Small Press Expo will be celebrating the 10th anniversary of Koyama Press this September 16th to 17th in Maryland, with spotlight programming and events.
Koyama Press guests will include Connor Willumsen, Noel Freibert, Eleanor Davis, Sophia Foster-Dimino and more. Founded in 2007, Koyama Press is a Toronto-based small press whose projects include comics, graphic novels, art books, and zines.
Small Press Expo is presenting the following programs highlighting the 10 years of Koyama Press:
Kick Ass Annie-versary: Koyama Press Turns 10
Annie Koyama has championed the work of emerging cartoonists for 10 years. As a leading publisher of underground comix, her roster features the work of many of today’s top names in the indie comics scene, including Michael DeForge, Aidan Koch, Alex Schubert, Daryl Seitchik, and many more. Join KP alumni, new and old, in a very special panel spotlighting one our favorite curators of small press cartoonists and their work. Moderated by Rob Clough of High-Low.
Koyama & DeForge: Lose, Everybody Wins
For nearly a decade, Annie Koyama (Koyama Press) and Michael DeForge (Sticks Angelica, Folk Hero) have been wowing readers with their strange and darkly humorous, ongoing anthology series, Lose. Join us for a special conversation with a celebrated, master cartoonist and an award winning publisher as we take an insightful look at one of small press publishing’s greatest partnerships. Moderated by Ryan Sands of Youth in Decline.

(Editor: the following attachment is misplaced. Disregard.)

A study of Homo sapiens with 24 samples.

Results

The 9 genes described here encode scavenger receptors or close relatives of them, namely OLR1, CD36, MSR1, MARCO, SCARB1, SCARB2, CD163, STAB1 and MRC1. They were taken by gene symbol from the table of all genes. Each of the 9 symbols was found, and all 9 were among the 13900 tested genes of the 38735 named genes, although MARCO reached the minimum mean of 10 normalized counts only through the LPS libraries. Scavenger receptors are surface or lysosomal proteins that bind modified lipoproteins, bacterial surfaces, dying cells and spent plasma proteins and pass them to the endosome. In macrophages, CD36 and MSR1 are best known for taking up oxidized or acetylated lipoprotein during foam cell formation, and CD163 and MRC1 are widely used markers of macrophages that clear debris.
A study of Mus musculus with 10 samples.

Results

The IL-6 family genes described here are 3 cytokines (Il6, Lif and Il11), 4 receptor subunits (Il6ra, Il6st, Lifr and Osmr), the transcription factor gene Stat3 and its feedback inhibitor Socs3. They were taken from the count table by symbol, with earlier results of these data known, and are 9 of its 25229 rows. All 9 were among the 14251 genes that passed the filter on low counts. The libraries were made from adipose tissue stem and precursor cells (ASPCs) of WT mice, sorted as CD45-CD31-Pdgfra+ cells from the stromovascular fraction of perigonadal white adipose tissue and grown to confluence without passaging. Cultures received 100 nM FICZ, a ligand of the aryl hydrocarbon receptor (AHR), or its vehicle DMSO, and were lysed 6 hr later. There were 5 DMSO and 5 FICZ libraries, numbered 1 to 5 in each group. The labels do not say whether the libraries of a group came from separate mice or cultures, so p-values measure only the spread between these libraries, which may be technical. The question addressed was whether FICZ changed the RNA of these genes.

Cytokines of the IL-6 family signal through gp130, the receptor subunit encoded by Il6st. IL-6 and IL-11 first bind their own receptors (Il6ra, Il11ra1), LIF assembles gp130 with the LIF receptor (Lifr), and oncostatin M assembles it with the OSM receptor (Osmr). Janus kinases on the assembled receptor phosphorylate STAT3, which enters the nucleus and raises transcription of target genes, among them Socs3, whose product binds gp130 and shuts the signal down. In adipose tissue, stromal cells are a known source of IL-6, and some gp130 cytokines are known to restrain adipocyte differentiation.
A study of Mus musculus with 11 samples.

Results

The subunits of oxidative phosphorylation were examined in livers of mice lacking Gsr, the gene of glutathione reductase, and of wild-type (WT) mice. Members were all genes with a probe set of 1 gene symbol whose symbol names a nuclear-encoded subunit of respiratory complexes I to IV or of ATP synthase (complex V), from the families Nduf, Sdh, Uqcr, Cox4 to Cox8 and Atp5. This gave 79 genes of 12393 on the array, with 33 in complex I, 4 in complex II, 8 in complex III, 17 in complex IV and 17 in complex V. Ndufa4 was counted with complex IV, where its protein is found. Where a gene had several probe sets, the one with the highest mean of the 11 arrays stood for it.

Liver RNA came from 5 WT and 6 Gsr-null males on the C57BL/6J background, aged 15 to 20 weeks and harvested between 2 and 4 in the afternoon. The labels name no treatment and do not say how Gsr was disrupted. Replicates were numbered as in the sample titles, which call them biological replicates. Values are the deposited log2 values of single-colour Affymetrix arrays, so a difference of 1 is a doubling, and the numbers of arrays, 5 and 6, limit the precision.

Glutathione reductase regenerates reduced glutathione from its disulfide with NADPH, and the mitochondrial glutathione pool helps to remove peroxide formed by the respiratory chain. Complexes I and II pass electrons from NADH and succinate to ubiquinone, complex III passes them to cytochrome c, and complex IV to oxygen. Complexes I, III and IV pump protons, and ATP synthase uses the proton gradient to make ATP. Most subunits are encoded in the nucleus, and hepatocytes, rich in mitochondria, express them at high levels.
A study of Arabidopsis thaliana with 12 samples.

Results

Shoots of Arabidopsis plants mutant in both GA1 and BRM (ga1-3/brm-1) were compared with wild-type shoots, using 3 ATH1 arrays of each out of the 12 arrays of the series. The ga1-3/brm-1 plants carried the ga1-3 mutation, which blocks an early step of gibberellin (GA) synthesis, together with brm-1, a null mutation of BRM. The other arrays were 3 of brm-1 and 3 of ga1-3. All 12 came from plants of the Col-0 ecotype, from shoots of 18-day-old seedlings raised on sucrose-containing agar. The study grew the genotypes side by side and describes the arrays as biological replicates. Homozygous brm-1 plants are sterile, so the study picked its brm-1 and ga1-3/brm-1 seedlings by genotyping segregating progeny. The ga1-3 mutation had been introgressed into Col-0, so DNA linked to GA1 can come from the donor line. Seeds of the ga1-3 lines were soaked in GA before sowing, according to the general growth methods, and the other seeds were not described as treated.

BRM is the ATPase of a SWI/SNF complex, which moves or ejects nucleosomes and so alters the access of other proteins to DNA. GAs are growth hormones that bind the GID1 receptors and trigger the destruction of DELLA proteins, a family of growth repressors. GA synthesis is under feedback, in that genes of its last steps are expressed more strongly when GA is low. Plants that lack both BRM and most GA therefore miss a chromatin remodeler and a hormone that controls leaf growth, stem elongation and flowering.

Additionally, Koyama Press will be debuting its Fall 2017 releases at Small Press Expo, including Sophia Foster-Dimino’s Sex Fantasy, GGs I’m Not Here, and Patrick Kyle’s Everywhere Disappeared.
Sophia Foster-Dimino’s Sex Fantasy began as a loose, ephemeral zine that was produced in limited editions. These small comics in both size and length are esoteric and immensely personal. Covering a span of four years, the comics collected here build a relationship that is deeper than their elegantly drawn surfaces.
In GG’s I’m Not Here, a young, second-generation woman wanders through her city and memories encountering the world through a camera’s lens; her independence pulled by the gravity of familial responsibility. She drifts until she encounters what could possibly be her potential self.
A keen observer of the absurd, Patrick Kyle’s stories in Everywhere Disappeared defamiliarize the machinations of life, work and art with droll dialogue and his angular, humanely geometric drawing and sci-fi settings that recall set design more than satellite images. Kyle’s figures may be foreign, his settings strange, but his stories resonate deeply.